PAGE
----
When I go fishing–no matter where I go or what I’m fishing for–there are four items I always have with me. None of them is technically fishing gear, but all make the experience of fishing better, more productive, and even safer. Of course, you won’t forget your rod, reel, and flies, but make sure you also pack Tom’s must-have items, as well.
Good Fishing Hat: I sometimes see anglers out on the river without a hat, and I wonder how they can do it. Not only does a hat protect you from the both sunlight and rain, but it’s also a valuable fishing tool. A good hat with a brim that’s dark on the underside helps reduce glare off the water, so you can see better–whether you’re spotting fish or trying to see that tiny Blue-Winged Olive floating on the surface. The hat also protects your head and face from flying hooks when it’s windy, and in a pinch you can stick a fly into the stitches on the hat to dry.
Polarized Sunglasses: Both fishing and wading are much easier when you can see through the glare on the surface of the water. If you’re not wearing polarized sunglasses, your chances of spotting fish are greatly diminished, and even worse, you can’t see the rocks or debris you’re about to step on. Polarization on even the cheapest specs helps, but you definitely get what you pay for. The investment in good glass will pay dividends both in fishing and overall comfort. As an added benefit, sunglasses protect your eyes from hooks and other flying debris, so never cast a fly rod without some sort of eye protection.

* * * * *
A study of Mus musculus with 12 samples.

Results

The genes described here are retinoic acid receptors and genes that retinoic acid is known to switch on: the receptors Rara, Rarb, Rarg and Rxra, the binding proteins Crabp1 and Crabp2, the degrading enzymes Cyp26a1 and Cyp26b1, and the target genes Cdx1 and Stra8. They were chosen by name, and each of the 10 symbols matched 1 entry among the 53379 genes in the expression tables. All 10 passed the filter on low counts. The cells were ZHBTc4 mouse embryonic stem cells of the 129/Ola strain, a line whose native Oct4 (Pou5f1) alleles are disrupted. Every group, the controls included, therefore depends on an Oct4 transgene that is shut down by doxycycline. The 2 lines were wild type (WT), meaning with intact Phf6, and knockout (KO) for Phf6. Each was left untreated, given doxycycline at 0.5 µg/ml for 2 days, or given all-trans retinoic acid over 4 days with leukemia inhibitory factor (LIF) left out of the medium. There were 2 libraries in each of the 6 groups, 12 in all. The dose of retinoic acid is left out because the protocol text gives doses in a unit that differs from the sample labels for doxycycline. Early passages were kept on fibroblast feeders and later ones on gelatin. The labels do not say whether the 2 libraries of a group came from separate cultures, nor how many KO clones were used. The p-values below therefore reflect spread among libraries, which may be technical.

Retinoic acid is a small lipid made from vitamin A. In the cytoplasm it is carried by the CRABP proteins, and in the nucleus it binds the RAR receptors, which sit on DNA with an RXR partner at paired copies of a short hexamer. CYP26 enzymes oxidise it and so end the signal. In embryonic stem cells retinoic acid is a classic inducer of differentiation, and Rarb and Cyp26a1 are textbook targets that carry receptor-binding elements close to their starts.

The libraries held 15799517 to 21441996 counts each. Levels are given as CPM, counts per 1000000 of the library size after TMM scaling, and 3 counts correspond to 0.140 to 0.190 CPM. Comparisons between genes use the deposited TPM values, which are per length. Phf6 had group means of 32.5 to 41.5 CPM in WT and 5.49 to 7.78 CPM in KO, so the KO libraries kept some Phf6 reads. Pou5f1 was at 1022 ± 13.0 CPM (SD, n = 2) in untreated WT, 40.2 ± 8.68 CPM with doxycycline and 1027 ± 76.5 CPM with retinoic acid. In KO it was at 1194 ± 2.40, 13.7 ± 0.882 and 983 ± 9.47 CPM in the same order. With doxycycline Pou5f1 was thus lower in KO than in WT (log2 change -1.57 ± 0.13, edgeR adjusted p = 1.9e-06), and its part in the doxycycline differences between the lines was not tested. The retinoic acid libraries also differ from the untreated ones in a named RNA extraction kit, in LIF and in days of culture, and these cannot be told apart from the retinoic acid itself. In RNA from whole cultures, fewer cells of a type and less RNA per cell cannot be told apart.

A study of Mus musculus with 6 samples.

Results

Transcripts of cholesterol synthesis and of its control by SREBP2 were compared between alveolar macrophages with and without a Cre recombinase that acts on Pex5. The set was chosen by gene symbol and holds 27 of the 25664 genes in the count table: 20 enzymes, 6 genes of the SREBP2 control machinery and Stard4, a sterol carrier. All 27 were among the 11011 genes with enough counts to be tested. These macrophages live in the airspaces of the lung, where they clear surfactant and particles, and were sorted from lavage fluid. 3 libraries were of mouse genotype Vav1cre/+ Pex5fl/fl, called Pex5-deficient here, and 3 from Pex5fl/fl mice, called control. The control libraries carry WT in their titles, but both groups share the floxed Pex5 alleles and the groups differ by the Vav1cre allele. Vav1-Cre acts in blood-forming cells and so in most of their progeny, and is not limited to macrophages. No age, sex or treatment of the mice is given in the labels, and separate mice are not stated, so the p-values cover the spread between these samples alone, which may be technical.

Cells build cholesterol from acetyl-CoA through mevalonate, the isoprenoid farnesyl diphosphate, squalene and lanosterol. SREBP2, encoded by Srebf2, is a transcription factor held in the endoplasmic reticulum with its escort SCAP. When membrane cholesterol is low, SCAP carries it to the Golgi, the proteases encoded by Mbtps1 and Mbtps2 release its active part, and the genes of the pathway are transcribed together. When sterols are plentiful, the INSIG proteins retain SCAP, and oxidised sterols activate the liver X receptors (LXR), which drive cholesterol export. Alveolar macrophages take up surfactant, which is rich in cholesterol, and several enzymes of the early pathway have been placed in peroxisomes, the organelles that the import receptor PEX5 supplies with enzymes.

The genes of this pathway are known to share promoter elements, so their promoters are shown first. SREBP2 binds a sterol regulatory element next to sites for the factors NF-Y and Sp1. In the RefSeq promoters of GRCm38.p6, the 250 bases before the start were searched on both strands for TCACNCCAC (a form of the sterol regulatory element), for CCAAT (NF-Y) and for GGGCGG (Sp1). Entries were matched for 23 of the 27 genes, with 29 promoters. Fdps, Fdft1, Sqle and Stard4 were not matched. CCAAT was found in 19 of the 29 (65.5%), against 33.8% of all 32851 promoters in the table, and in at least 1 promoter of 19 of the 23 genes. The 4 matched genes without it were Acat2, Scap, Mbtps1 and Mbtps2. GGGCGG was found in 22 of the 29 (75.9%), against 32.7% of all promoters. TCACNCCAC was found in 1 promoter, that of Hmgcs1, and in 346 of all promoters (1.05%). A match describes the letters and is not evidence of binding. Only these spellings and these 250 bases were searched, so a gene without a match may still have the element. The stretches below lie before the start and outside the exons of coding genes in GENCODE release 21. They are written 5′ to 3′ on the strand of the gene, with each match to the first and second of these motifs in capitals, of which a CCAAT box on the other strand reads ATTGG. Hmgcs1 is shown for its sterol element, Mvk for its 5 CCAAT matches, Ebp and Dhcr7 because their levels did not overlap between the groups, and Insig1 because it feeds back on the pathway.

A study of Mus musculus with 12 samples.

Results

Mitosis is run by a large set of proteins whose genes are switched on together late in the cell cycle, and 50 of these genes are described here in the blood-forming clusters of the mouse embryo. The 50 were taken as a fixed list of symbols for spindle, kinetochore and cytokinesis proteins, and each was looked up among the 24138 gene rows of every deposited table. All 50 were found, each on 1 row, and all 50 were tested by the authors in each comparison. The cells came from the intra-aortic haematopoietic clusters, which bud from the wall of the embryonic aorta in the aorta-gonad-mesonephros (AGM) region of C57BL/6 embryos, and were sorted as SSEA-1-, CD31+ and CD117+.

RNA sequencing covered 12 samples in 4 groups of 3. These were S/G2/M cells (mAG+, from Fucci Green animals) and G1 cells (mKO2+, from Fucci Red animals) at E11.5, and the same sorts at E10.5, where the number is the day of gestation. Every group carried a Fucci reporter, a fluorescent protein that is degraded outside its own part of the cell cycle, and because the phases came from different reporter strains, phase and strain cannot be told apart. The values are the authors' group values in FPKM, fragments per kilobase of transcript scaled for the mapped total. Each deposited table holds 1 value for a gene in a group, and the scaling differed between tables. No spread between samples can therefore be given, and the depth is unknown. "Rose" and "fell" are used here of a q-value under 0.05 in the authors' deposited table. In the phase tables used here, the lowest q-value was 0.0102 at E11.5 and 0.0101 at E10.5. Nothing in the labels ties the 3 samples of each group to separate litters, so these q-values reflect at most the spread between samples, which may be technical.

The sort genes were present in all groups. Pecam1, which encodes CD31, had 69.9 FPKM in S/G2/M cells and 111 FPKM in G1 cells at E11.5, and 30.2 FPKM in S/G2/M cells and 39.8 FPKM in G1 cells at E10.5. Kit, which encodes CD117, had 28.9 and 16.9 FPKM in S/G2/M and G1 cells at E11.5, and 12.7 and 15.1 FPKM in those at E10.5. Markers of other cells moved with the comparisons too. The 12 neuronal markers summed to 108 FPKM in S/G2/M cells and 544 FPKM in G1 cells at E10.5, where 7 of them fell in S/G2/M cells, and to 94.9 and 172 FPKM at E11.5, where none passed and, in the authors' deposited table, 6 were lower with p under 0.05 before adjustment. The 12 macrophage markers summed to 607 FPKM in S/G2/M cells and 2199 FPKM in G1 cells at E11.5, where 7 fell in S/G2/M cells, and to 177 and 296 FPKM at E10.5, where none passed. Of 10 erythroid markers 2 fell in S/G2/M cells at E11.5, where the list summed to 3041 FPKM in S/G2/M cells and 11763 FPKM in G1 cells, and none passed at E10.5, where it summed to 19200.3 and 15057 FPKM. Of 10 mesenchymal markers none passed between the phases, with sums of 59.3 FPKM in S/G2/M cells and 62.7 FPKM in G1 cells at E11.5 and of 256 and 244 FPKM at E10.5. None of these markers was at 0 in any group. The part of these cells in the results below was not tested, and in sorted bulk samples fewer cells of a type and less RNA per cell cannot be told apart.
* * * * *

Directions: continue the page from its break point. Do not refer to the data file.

Rain Jacket: Sure, there’s not a cloud in the sky, and the forecast calls for bright sun all day. It doesn’t matter: I never go out on the water without a rain jacket in my backpack–or in the truck if I’m not going far from the road. Especially in the mountains, a sudden storm can build quickly and catch you by surprise, and these weather events are often accompanied by a sharp drop in temperature. Not only does it stink to get soaked, but hypothermia is a real concern. A rain jacket also provides wind protection and a quick way to get warm in an emergency.
A Multi-Tool with a Good Knife and Scissors: You can turn a regular dry fly into an emerger or spinner with a few snips. Your Fly Fisherman’s Snips won’t do a very good job; you really need a sharp pair of scissors. A good multitool also has screwdrivers for fixing fly reels, a fine file for sharpening bigger nymphs and streamers (you still need a hone for smaller dries), and a blade that takes a nice edge. Mine is nicely packaged in a thin stainless steel tool that opens with one hand and fits in a pocket so well that I I use it as my everyday pocket knife.